Businesses must be more innovative than ever: MacIsaac

Eleanor Tait The Hamilton Spectator Dec. 2

The rules for determining a city's economic success have changed in the 12 years since Rob MacIsaac was first elected to council.

And last night in his inaugural address setting the tone for his third term as mayor, the 41-year-old issued a challenge to local businesses.

"To survive and to thrive in this new world order, our response cannot be to do more of the same things we have done in the past. Imagining new ways of doing things to succeed, even in the face of what seem like insurmountable obstacles, requires the right people ... people who are innovators and creators.

"In the 21st century, intellectually active cities will be the most prosperous on the world stage."

He prefaced the comment by saying a commercial realtor told him of a company looking to expand in Burlington that could produce its product for $21 a unit. By moving to China, they could produce the same product and ship it to Canada for $2 a unit.

"That is the challenge we are now facing in the 21st century. And it is not simply a Canadian phenomenon. There is a kind of hollowing out of our economy occurring where manufacturing is leaving but front offices are remaining."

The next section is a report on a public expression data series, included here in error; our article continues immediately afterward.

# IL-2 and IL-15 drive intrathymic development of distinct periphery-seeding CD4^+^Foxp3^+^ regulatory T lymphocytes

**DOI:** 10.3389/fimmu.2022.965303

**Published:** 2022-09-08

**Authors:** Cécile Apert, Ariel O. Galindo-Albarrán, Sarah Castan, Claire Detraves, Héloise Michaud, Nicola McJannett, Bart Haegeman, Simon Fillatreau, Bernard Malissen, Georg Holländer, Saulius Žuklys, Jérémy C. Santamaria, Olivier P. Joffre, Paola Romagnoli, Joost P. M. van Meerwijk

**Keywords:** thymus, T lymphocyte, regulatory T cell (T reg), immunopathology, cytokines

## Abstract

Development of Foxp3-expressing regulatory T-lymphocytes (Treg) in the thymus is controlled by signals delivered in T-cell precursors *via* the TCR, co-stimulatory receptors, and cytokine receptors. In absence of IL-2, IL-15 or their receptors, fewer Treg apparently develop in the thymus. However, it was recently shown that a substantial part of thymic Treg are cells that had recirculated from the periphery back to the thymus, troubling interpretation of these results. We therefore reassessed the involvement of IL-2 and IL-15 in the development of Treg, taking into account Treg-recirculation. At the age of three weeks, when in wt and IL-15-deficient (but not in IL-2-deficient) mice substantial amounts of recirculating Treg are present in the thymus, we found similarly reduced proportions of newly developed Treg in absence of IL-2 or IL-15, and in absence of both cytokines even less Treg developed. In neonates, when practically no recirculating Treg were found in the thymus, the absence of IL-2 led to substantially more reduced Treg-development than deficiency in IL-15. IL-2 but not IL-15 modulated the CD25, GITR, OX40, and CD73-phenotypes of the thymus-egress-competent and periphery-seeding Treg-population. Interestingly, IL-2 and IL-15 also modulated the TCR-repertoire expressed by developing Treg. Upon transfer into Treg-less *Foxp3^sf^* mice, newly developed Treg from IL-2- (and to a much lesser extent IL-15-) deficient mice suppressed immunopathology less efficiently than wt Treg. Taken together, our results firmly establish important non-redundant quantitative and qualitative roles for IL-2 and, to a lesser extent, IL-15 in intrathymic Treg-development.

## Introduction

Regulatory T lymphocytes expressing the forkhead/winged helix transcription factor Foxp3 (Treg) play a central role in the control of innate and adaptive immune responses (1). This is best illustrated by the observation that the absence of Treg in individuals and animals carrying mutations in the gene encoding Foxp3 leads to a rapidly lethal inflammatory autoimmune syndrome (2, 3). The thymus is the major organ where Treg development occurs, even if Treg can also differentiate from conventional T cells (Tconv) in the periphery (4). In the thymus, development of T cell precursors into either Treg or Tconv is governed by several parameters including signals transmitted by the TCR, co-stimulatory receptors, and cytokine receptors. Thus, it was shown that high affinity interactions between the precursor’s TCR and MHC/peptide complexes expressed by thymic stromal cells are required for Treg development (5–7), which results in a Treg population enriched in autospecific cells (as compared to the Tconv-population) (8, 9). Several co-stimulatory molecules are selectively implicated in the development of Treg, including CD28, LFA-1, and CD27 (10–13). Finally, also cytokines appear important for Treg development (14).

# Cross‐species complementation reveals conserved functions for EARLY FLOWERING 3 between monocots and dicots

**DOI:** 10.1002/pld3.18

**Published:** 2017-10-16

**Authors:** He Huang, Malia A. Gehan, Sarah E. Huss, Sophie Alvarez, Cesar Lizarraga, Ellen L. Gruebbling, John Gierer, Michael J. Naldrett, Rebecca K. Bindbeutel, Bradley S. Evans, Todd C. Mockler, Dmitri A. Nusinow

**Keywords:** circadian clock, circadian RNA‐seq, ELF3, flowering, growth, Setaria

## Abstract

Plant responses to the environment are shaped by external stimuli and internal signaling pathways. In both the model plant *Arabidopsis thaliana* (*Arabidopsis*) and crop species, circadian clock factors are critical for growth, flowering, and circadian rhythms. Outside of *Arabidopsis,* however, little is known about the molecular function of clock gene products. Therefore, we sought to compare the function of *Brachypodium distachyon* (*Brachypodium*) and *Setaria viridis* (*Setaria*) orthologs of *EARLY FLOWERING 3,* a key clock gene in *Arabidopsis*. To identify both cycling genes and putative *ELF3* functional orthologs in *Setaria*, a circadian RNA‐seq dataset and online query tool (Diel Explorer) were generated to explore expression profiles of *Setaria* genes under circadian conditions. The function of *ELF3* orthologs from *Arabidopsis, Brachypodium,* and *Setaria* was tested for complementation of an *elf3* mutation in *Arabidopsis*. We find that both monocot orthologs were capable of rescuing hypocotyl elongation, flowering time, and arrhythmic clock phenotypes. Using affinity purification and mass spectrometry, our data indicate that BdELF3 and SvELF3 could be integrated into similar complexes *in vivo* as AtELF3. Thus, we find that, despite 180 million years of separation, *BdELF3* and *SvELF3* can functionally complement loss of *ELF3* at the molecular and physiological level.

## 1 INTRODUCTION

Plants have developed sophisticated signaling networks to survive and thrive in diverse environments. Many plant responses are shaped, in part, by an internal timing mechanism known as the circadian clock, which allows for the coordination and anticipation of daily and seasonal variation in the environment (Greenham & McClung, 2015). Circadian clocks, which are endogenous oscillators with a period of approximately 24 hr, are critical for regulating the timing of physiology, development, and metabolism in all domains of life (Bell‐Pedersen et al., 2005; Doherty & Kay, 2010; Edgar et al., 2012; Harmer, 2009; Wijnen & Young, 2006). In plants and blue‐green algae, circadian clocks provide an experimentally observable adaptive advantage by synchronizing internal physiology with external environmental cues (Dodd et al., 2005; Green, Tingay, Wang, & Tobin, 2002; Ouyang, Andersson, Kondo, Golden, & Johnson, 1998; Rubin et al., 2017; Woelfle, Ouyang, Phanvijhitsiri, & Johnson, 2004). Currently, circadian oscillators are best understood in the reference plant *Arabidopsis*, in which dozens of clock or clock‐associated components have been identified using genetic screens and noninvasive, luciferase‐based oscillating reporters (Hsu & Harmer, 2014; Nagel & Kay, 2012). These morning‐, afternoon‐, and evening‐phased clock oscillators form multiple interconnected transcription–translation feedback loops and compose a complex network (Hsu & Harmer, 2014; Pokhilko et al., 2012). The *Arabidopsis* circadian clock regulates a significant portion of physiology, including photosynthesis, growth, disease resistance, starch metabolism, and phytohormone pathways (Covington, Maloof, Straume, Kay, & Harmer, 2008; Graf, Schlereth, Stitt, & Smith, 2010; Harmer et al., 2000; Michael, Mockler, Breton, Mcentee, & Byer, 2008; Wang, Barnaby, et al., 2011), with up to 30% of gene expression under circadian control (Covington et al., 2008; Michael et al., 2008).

Burlington is dependent on manufacturing for much of its employment and tax revenue, he said.

Landing a post-secondary institution in Burlington will help the city compete, he told a city hall council chambers packed with invited friends, family and community leaders. Along with training people in creative skills, a university would attract a new pool of highly skilled and educated professionals.

"Professors will add vitality in terms of new ideas, new ways of thinking and present Burlington with an innovative image."

Council recently agreed to establish a task force to explore bringing a college or university campus to the city. It may start as a satellite of an existing institution but MacIsaac hopes it will be an independent facility in 10 years.

He said the city can also attract innovators and creators by continually enhancing the quality of life. He called for another hotel and convention centre on the waterfront and development at the east end of the lakeshore.

The mayor said the next three years will see the city continuing to fight the proposed mid-peninsula highway, protecting parkland at General Brock High School after it closes in June and helping Performing Arts Burlington bring to reality plans for a 750-seat performing arts centre.

He took the oath of office from Superior Court Justice Ray Harris, a long-time family friend. Also sworn in were councillors: Ward 1 Rick Craven, Ward 2 Joan Lougheed, Ward 3 John Taylor, Ward 4 Jack Dennison, Ward 5 Mike Wallace and Ward 6 Carol D'Amelio -- the same council as last term.